Strindberg’s telephone tragedy
With the benefit of hindsight, it is evident that the telephone and telecommunications were indicative of the modern age throughout the 1900s. The telephone provided direct and instantaneous communications between people, making it easier for them to both establish and maintain close relationships, irrespective of geographical constraints, which in a historical perspective imposed a natural separation between people located in different places.
August Strindberg was undoubtedly fascinated by the potential of telecommunications technology. Strindberg did pen the short story “Half a sheet of foolscrap” which was published in 1903 in a collection of short stories entitled “In Midsummer days and other tales.” Many Swedes have read the story, at least when they were in school, where its short length of less than half a page made it suitable study material.
In “Half a sheet of foolscrap,” Strindberg structured his story around combinations of numbers. These numbers would have been incomprehensible in the 1870s in which “The Red Room” was set, but just a few years later, they were laden with meaning.
The story in “Half a sheet of foolscrap,” takes place within the course of a few minutes during a day in Stockholm in the early 1900s. A young man is in the process of moving. His apartment is already empty, as he makes a last inspection to ensure that nothing has been forgotten. As he is leaving, he notices a half sheet of paper that is tacked to the wall by the phone on which numerous telephone numbers have been written.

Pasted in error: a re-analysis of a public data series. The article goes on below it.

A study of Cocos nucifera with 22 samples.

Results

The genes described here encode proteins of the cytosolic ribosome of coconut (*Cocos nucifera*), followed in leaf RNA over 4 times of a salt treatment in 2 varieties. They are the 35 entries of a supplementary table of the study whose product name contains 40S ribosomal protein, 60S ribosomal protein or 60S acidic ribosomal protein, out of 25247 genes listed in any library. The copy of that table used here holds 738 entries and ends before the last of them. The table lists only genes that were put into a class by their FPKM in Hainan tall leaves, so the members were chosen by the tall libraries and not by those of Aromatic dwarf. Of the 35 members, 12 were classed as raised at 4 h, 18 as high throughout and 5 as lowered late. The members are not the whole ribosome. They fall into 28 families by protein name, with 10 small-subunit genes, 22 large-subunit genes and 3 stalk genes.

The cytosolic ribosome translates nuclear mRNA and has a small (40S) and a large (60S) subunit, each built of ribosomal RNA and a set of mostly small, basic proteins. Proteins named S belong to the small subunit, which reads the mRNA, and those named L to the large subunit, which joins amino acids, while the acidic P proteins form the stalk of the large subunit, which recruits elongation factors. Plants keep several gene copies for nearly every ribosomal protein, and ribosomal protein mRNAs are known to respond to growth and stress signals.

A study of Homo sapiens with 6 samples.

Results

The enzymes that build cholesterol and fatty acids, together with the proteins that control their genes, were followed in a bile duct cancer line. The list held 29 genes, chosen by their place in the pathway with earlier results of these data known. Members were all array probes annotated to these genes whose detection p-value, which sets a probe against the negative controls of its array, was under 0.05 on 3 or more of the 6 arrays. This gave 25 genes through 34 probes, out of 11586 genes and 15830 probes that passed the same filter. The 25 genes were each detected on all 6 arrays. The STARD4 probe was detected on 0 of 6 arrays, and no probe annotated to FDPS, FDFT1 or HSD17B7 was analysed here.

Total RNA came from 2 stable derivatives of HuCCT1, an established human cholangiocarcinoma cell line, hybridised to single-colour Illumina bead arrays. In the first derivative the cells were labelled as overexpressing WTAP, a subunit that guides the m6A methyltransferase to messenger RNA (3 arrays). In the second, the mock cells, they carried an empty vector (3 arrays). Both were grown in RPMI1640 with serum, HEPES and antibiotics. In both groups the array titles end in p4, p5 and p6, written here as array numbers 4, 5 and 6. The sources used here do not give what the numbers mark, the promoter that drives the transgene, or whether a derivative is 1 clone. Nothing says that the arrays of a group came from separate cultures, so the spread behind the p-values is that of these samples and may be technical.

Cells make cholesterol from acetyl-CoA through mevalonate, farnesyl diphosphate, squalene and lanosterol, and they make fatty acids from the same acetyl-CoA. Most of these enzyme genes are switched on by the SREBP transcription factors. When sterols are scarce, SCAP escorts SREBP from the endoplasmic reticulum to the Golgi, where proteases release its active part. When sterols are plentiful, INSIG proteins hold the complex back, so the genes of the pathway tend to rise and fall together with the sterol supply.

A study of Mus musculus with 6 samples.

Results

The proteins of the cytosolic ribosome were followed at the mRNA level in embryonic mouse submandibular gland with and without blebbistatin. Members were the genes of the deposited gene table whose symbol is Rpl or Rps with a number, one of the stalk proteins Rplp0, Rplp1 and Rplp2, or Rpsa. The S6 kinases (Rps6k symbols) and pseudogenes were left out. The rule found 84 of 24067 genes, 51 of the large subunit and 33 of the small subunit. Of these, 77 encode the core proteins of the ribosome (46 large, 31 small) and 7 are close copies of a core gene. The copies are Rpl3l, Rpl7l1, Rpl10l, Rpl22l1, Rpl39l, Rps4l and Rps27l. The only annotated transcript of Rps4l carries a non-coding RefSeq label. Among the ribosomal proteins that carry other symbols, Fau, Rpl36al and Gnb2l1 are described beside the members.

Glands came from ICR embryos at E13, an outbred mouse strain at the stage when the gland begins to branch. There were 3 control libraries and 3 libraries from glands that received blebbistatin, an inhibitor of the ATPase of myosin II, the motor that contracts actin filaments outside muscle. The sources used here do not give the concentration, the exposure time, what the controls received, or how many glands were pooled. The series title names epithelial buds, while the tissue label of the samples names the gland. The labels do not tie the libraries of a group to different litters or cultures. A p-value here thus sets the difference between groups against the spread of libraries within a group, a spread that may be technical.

The young man takes down the sheet of paper and begins to read what Strindberg describes as “the whole beautiful story playing out over the short span of two years. Everything that he wished to forget was recorded there on a half sheet of paper.” At the top is the name Alice, the most beautiful name he knows, since it was his fiancée’s. He then sees various numbers to his workplace, the florist, a furniture dealer and the Royal Opera. These numbers remind him of their engagement, their wedding, moving to their own apartment and a visit to the opera as newlyweds. This is followed by the number to the mid-wife and a memory of happiness.
But further down there is a telephone number to the pharmacist, and below that yet another number, which he is “incapable of reading, for his eyes began to dim as might be experienced by a person drowning at sea who is trying to see through salt water. But there it was: the funeral home. Surely that says enough. One larger, one smaller, needless to say, coffin.”